After months of hype and promotion (and some questionable words regarding Batman in the first Titans trailer), DC Entertainment’s streaming service, DC Universe, is now live and has delivered on what it promised fans… mostly.
DC Universe is by no means the first service of its kind. Marvel and comiXology have offered digital services for comic books for a couple years now, with varying results. But while it may be true that DC is late to the party, what the publisher has created is far more unique than the offering of its peers. DC Universe is ambitious in its presentation and content, almost to a fault.
What sets DC Universe apart form the rest is the variety of content. While comiXology Unlimited and Marvel Unlimited strictly offer comic books on their services, DC has the luxury of having all of its content, not just comics, under one big umbrella. This affords the service the ability to have back issue of classic comics alongside a library of television shows and films.
The only problem is, with so much content, the individual aspects are strangely slim at launch. For instance, at the time of this writing, the movies section of the service only has about twenty feature length films for fans to watch, only four of which are live action (and two of them are Superman 3 & 4, so…). The television sections fare about the same in terms of quantity.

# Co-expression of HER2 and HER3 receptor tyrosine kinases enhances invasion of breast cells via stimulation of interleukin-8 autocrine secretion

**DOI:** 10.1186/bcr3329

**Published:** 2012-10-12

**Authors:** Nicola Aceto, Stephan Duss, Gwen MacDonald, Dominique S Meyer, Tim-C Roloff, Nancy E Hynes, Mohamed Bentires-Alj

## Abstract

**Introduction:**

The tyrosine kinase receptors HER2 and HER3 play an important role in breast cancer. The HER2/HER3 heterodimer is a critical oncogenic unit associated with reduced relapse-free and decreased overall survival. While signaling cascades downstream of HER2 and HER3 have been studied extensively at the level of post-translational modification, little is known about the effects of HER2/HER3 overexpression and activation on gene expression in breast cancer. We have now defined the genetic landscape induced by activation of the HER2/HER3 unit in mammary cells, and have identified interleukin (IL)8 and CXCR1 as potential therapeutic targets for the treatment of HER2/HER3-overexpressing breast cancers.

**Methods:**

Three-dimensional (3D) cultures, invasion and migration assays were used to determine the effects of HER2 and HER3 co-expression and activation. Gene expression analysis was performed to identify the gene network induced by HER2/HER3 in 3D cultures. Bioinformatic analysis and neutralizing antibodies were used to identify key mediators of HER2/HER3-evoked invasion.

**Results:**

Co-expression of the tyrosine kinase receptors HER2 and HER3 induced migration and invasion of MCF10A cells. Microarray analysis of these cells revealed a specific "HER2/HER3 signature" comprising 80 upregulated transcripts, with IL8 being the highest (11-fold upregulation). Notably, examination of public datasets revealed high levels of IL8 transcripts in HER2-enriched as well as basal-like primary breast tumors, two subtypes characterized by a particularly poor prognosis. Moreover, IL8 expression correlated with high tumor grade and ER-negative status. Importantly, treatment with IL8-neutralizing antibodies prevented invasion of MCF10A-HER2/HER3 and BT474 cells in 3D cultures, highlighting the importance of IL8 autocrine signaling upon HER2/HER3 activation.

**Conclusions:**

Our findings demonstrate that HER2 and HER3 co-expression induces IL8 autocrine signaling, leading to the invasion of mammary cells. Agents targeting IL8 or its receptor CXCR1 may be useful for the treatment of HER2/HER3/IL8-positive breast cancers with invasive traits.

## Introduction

Comics, Comics, Everywhere…
Where the service really shines is in its comic book catalog. DC Comics has nearly a century worth of printed media, so this really comes as no surprise. The homepage of DC Universe is wise in what it presents as featured comics. Grant Morrison’s run on Doom Patrol and Alan Moore’s run on Swamp Thing are both listed as trending titles, presumably to drum up new readers’ interest in the upcoming television shows DC Universe will offer based upon the two comics. It’s a smart marketing tool to keep people on board. The number of titles are all over the place (which isn’t necessarily a bad thing). Comics ranging from the Golden Age to Rebirth are plastered all over the service, and appear to get equal measures of praise. This certainly ties into the notion of DC honoring its legacy while embracing the present.
The downside of the comic book section is the number of issues in each title presented. Some titles offer a huge chunk of their run for readers to dive into; Birds of Prey (1998) has over 30 issues in its offering, and Garth Ennis' gonzo superhero book Hitman has about half its run available, both of which would certainly give new readers for either series plenty to sink their teeth into. What seems odd, however, is how some newer titles only have very few issues available. For instance, the New 52 Batman section only offers the first three issues, and the Rebirth banner for the same title has just one.
Now, the slim number of issues for each title could be the result of several things. The service is new, and we should be seeing more books added in the weeks and months to come. Marvel Unlimited had similar issue upon its initial launch, and it wasn't trying to balance a glut of video content at the same time.
The other reason could be an attempt by DC to really sink its hooks into new readers by whetting their appetites. It's like the nice Costco worker handing out free samples of bagel bites. They know one taste of that artichoke spread isn't going to do its job, and that you'll break down and buy a jar big enough to feed a small army. However, when iconic miniseries like Final Crisis suffer from the same lack of issues (just one in this case), we tend to think this is more of a launch issue and we'll see plenty more soon.